Our New Mexico Waters

Pledge your support for clean water and outdoor recreation!

Protecting the waters that drive New Mexico’s outdoor recreation economy

New Mexico’s Outdoor Recreation Division (ORD), within the Economic Development Department, is leading an effort to protect the waters that drive our state’s $2.4-billion outdoor recreation economy. From rafting to fly-fishing to hunting to irrigating, our rivers and streams are an integral part of the outdoor economy, creating jobs and generating revenue for the state and local communities. 

With support from local stakeholders, ORD is proposing to nominate over 100 miles of new outstanding waters along the Rio Grande and Rio Hondo, and in the headwaters of the Jemez River. If successful, this effort would protect the water quality of these rivers in perpetuity for surrounding landowners and community members, acequias, hunters, anglers, birders and friends and families who come from near and far to recreate along their banks. Currently, ORD is gathering feedback from local community members and plans to publish a draft version of the petition for public review by summer 2021.

Protecting these surface waters will translate into tangible economic gains for the surrounding communities and New Mexico. Numerous studies show the link between protected public lands and waters and a host of economic and other benefits — from increased job creation to higher incomes to improved public health outcomes. New Mexico’s outdoor recreation industry is a powerhouse in the state’s economy. In 2019, the outdoor economy added $2.4 billion to the state’s gross domestic product and directly employed over 35,000 people. This economic growth is fueled in large part by the popularity of boating, fishing, hunting, hiking, camping, skiing, and snowboarding — activities that take place in record numbers within the three exceptional watersheds ORD is proposing to nominate as ONRWs.

In order to protect the waters’ ecological, recreational, cultural, and economic significance, the state must invest now in these rivers. ONRW designation represents a public commitment to the future of these waters and to the communities that rely on them. Read the full petition here. 

Rio Grande

The upper Rio Grande, from the New Mexico-Colorado border to the confluence with the Rio Pueblo de Taos, is one of New Mexico’s top outdoor destinations. The 52.2-mile stretch encompasses some of the best fishing, whitewater rafting, and hiking on the planet, attracting residents and visitors from around the world year-round. This segment of our state’s iconic Rio Grande runs through the heart of Rio Grande del Norte National Monument. The preserve was established by President Obama in 2013 to protect the awe-inspiring scenic, cultural, and ecological values that attract sightseers, anglers, and river-runners. The Taos Box, a 17-mile segment of rowdy rapids coursing below the 800-foot black cliffs of the Rio Grande Gorge, was named one of the top 32 waterways in North America by Outside magazine. The Rio Grande Gorge area saw over 179,000 visits to trailheads, campgrounds, and picnic sites between October 2019 and September 2020, according to the Bureau of Land Management (BLM).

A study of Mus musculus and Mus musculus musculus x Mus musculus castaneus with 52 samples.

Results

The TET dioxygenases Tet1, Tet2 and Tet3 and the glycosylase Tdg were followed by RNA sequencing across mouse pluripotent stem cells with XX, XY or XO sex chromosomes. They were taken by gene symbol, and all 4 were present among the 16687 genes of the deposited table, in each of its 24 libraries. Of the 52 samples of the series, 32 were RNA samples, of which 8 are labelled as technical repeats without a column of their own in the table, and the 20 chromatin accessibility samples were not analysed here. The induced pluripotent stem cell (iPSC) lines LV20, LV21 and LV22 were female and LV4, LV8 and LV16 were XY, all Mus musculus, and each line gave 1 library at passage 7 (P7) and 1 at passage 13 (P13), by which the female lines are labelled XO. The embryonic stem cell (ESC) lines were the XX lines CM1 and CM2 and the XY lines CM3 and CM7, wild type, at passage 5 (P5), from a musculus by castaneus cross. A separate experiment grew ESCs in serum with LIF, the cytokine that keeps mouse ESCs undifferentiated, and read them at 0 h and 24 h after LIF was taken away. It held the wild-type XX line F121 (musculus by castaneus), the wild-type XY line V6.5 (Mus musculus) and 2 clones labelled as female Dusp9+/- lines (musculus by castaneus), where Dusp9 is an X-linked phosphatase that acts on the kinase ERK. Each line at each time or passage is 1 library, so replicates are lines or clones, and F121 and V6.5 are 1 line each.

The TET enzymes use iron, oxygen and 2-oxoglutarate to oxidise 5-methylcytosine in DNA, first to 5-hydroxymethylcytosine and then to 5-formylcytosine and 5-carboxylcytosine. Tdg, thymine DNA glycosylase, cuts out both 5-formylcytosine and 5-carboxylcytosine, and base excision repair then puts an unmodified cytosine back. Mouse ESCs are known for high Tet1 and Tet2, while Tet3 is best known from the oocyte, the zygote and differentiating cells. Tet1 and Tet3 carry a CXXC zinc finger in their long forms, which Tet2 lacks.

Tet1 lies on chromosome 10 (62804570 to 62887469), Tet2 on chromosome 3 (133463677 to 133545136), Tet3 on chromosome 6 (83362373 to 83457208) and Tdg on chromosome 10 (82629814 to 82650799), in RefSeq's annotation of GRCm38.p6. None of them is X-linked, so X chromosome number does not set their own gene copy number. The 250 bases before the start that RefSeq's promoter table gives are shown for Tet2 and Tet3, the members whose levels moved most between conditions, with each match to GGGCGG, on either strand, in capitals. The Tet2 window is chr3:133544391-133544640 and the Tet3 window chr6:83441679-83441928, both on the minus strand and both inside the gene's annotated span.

Rio Hondo

Beginning as high elevation tributaries in the Sangre de Cristo Mountains above Taos Ski Valley, the Rio Hondo and its tributary, the Lake Fork, wind their way through one of New Mexico’s most popular outdoor recreation destinations. Each year, thousands of hikers walk along these waters on their way to the state’s highest point, the 13,159-foot summit of Wheeler Peak, and popular destinations like Gold Hill and Williams Lake in the Columbine-Hondo and Wheeler Peak Wilderness Areas. The Rio Hondo has special significance to the state’s skiers and snowboarders due to its proximity to the Taos Ski Valley. During the winter of 2018-2019, alpine skiers in New Mexico spent $142.3 million during more than one million skier days. 

The trout fishing is a draw too. Since 1998, these waters have attracted thousands of anglers each year to fish the cold, high-elevation waters of the Rio Hondo watershed, which are important to protecting habitat for populations of Rio Grande cutthroat trout, New Mexico’s state fish and a significant cultural icon.

Headwaters of the Jemez River

The Jemez River and its main tributaries draw high numbers of visitors seeking opportunities to immerse themselves in the great outdoors without traveling far from urban centers like Albuquerque and Santa Fe, while also appealing to out-of-state tourists visiting iconic New Mexico landmarks like the Valles Caldera National Preserve.  The East Fork Jemez River and San Antonio Creek are located within the Valles Caldera National Preserve, a popular recreation area in our state. The sweeping and singular beauty of the Caldera attracted approximately 50,000 visitors in 2019 — visitors who came to hike, camp, fish, hunt, horseback ride, cross-country ski, mountain bike, observe wildlife, and view the night skies. The Jemez National Recreation Area (JNRA) borders the Valles Caldera National Preserve at its southwest corner. The 57,650-acre JNRA, established in 1993, is one of only 40 Congressionally established national recreation areas in the nation. It’s the only such area in New Mexico.